Wednesday, June 9, 2010
Having already brought us action thrillers like The Replacement Killers and Shooter along with classic stories like Tears of the Sun and the highly acclaimed Training Day, director Antoine Fuqua reloads his chamber for another police drama with Brooklyn’s Finest. What caught my attention immediately from the advertisements was that this film, which Fuqua also helped produce, took place completely within the borough of Brooklyn where as the norm has been to use the island of Manhattan as the backdrop whenever it came to portraying New York City. The well written story by Michael C. Martin revolves around three New York City Police officers, each with their own role in the film and in the department.
Tango has been undercover for what seems like forever, with his assignment beginning with a stint as a prisoner in jail. He is to help bring down one of the most notorious drug lords, Casanova “Caz” Philips (Wesley Snipes), in Brooklyn whom he has grown close to and befriends after an incident involving the two in prison where Philips saved his life. He is aching to get out of undercover work which has claimed his normal life along with his marriage as casualties. With Philips just getting out of jail on a technicality, Tango is asked to have him set up to send him back. He is offered the rank of detective first grade if he succeeds in this task which plays on his conscious due to the closeness of their friendship.
Detective Salvatore Procida is at his wits end trying to provide for his already large family which is still growing with six children and two more on the way. His home is barely holding everyone and the mold contained within the walls are causing complications for his wife’s asthma and the twins she is carrying. He has resorted to stealing drug money left behind during drug busts and police raids to cover the down payment on the new home he is trying to buy to house his family. He struggles with the “dirty cop” label being put on the police family and trying to save his own from being in the poor house.
Although the three stories didn’t exactly intertwine as I thought they would, the overall concept of presenting the ins, outs, and going ons of life as a police officer in general was well presented in this film. Add on the concept of policing in Brooklyn, NY and it makes the job that much more difficult. Listed as taking place in the Brownsville and the Van Dyke housing sections of Brooklyn, Fuqua chose to use the most known dangerous parts in the borough to tell his story. Even though some parts of the story are a little over the top, like growing so increasingly close to a prostitute a character looks at her lovingly and some of the outright, blatant killings and robbing of drug dealers, the film cuts deep into what it very well could be like trying to police the streets of an area who already hates cops and some of those same cops not giving them any reason to feel otherwise.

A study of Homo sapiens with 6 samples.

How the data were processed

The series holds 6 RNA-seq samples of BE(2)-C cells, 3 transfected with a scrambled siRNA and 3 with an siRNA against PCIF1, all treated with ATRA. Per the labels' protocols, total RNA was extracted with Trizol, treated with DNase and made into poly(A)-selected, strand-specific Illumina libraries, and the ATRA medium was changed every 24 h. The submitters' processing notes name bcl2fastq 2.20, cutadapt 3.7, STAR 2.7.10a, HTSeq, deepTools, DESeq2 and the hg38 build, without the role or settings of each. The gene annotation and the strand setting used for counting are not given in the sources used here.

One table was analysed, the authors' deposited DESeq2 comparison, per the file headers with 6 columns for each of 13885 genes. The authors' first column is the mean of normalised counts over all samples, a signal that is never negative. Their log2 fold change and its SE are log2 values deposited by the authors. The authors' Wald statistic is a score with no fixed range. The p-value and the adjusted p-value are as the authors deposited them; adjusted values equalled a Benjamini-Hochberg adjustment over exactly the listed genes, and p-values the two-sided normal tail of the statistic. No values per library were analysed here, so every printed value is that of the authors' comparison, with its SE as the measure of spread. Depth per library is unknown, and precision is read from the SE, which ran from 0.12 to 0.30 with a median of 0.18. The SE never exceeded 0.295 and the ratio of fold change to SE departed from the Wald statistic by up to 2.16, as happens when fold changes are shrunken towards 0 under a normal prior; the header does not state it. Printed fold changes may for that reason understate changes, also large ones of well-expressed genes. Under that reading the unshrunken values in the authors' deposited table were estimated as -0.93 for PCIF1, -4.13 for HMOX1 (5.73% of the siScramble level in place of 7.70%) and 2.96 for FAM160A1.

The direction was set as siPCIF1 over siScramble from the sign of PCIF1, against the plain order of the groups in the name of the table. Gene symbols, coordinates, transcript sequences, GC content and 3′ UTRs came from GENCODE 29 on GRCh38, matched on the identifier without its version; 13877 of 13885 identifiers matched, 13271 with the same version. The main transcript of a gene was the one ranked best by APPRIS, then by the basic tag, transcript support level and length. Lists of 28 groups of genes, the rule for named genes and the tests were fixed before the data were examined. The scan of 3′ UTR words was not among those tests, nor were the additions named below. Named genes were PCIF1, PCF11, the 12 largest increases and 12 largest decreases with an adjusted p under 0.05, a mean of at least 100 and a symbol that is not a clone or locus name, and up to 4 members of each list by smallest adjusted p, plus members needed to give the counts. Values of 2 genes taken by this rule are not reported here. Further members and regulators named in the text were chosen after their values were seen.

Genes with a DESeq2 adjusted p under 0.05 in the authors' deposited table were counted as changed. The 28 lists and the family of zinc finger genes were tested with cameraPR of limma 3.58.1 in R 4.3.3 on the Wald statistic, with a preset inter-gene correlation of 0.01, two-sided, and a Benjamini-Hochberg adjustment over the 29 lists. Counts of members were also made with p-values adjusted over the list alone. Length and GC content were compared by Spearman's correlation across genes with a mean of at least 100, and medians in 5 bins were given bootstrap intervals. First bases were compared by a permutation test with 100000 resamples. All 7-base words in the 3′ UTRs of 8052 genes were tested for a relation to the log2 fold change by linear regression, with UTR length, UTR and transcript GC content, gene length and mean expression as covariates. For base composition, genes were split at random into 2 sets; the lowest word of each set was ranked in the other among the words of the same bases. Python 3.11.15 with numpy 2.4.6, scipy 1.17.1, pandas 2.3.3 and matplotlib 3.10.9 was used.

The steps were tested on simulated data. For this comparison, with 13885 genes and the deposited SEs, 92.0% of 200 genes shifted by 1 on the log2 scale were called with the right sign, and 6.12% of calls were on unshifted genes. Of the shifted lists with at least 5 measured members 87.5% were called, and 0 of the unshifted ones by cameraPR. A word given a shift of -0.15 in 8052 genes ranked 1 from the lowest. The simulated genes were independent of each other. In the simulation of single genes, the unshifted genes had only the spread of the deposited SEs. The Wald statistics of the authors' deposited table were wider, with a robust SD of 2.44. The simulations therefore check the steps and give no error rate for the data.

The acting efforts put forth by all of the actors in this film were pretty spot on. Although we haven’t really seen Richard Gere in anything substantial in a while, his performance here is very believable and warrants some notice. At first I felt he may have been miscast in this role, but puts on a half decent Brooklyn accent and gives weight to his character whose type is often looked over in real life in the department. Don Cheadle is a great character who is usually underrated in my own opinion, he embraces the life as the undercover cop who deals drugs but at the same time relates to the dealers and understands their hatred of the men and women sworn to protect and serve. Allowing you feel his desperation and need to do what needs to be done, Ethan Hawke puts his tough guy but family man persona into third gear with this part. Unlike Officer Hoyt in Training Day, Detective Procida doesn’t hesitate in putting bad guys away to put his family into a better house. You can feel his desire and even start to root for him along the way but can still sense his recklessness may make his family situation even worse than it already is.
Like his other projects, the story line in this Fuqua film was well told. Down to the climatic ending it has the audience wanting to know the outcome of each of these police officers lives. At first it has a feel like it may come across as just another inner city police drama but it offers much more. A clearer in-depth view into the lives of police officers as well as the dangerous streets they must patrol. Their uniform and badge might as well be a painted target worthy of Picasso. But as in everything, it’s not always easy to distinguish the good ones from the bad ones. I present Brooklyn’s Finest with “3.5 reasons to try to appreciate the work some police officers do out of about a hundred”.
"This is your first day kid. Today a woman gets hit, tomorrow it's rape, the day after that it's murder. You have twenty years of days. This job takes enough out of you, don't take it home."